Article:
Priyanka Singh / New Delhi Apr 15, 2012
Summer is the season of peak sales for soft drink makers, contributing about 30-40 per cent to their annual sales. The companies said these had no choice but to pass on a reasonable part of the rising input costs to the consumers.
PepsiCo India’s spokesperson said, “The recent price increase is partially to offset the impact of inflation and increased taxation. We have increased prices of our 600 ml pet bottles from Rs 25 to Rs 29 for select sparkling brands in few geographies.” The PepsiCo sparkling beverage portfolio in India includes brands like Pepsi, 7UP, Mountain Dew and Mirinda.
Similarly, Coca Cola has also raised the prices of its 600 ml pet bottles of the Coke, Sprite and Fanta brands from Rs 27 to Rs 29 in select markets. The two US-based cola companies have long been trying to manage transportation costs as a result of the increased prices of auto fuels.
Coca Cola’s spokesperson said because of the increase in the prices of plastic polymers used to manufacture pet bottles and the rise in fuel prices, these had no option but to pass on a part of the increase to the consumers.
In an emailed response to a query, Hindustan Coca Cola Beverages wrote, “Even in the wake of commodity inflation, an increase in transportation costs and tax inflation, we have been able to provide an unmatched value proposition to consumers, since we follow the OBPPC (occasion, brand, price, pack, and channel) strategy. This model allows us to appropriately price our products based on different occasions, packs, channel etc. As a result, even when we had recently revised the prices of our sparkling brands on certain packs, in some geographies, to offset rising input costs, our offerings still continue to be some of the most reasonably priced beverage products.”
The fast-moving consumer goods industry has been grappling with rising input costs for quite a while. By increasing the prices, the beverage majors want to share the increased cost burden with the consumers, allowing these to record good margins without impacting the demand. These 600 ml bottles are non-returnable plastic bottles which are often consumed on the go or in a restaurant.
“Inflation is a challenge for the entire industry and we try not to pass on the impact to the consumer as far as possible, by leveraging our global expertise in sourcing, supply chain management and production efficiencies”, said PepsiCo India’s spokesperson. On asking whether this increase would impact consumption demand, the companies did not comment. However the companies said these were trying to woo consumers through more affordable choices and value for money to boost the demand for soft drinks.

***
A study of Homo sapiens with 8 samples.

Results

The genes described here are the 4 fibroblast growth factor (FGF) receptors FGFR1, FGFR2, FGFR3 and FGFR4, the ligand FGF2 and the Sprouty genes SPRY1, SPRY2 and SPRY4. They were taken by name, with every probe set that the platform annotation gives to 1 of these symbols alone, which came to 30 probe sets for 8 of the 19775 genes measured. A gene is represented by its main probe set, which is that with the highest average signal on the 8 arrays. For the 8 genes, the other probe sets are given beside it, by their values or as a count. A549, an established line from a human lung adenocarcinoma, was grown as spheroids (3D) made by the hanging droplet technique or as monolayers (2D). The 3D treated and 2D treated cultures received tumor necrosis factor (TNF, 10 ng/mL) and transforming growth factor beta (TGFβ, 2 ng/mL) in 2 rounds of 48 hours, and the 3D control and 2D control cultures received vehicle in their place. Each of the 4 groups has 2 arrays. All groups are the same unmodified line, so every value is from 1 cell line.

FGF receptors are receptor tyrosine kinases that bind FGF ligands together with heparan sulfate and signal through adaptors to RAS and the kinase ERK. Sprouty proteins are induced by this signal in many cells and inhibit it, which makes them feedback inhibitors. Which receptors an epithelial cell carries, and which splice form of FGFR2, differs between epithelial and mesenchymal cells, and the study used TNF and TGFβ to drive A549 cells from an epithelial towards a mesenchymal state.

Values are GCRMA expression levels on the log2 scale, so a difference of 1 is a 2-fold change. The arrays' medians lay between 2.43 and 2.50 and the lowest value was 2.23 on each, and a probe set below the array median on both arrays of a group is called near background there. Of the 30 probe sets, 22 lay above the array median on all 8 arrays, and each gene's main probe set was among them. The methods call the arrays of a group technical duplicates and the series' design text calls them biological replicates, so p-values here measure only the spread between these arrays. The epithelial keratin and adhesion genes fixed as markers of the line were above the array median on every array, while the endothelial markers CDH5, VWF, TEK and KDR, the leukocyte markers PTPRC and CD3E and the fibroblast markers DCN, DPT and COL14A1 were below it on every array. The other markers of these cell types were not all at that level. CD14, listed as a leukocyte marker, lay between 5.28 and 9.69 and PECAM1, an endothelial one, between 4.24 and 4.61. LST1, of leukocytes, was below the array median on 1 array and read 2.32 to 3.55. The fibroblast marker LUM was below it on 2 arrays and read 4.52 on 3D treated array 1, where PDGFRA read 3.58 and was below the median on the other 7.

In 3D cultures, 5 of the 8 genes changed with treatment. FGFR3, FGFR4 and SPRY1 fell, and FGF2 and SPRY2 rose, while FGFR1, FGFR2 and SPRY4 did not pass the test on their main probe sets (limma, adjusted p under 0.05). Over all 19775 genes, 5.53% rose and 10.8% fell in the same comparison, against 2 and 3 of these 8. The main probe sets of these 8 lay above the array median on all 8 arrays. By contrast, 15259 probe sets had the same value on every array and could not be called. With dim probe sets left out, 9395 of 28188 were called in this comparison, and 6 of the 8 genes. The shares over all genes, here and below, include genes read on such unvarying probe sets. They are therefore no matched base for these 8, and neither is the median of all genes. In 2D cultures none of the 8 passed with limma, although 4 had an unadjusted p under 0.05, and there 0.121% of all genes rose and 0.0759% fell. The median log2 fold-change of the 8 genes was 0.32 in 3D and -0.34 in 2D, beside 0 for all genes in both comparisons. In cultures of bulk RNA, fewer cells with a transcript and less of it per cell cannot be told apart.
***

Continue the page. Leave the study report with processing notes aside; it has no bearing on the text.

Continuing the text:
In a similar attempt in February, Coca Cola had cut the price of the 200-ml Coke bottle to Rs 8 in a promotional offer in select markets. This was aimed at increasing consumption and thus, market share. A Hindustan Coca Cola beverages spokesperson said the company found a lot of latent potential in the packaged beverage market and as an industry, its had just started to unlock that potential. “We are now offering our entry level pack for brand Coca-Cola – the 200 ml returnable glass bottle at a special promotional price of Rs 8. The 200-ml pack being the entry point into the category, will bring in new consumers into the cola segment because of its innovative and attractive price point”, he said. The promotional offer is being rolled out in phases across select markets and a strong communication programme under the ‘open happiness’ campaign already doing the rounds.
When asked how these have been able to reduce the prices of returnable glass bottles, a Coca Cola India spokesperson said it was a promotional offer for a limited time period in select markets only. The attempt was to expand the category. The company is hopeful the volumes would make up for the loss in margins.
In 2002, Coca Cola had introduced 200 ml bottles at a price of Rs 5 (Chota Coke). This was soon followed by Pepsi, but both companies were forced to withdraw these from the market, as these had started denting their margins.
Soft drinks, an impulse-driven and highly price-sensitive category, can a change in its pricing having a clear impact on the demand.
Aerated beverages in pet bottles are popular among consumers, especially the youth, and any increase in prices could lead to a dip in consumption. However, these companies are testing the waters in few areas at new price points. The impact is still a matter to wait and watch for the industry.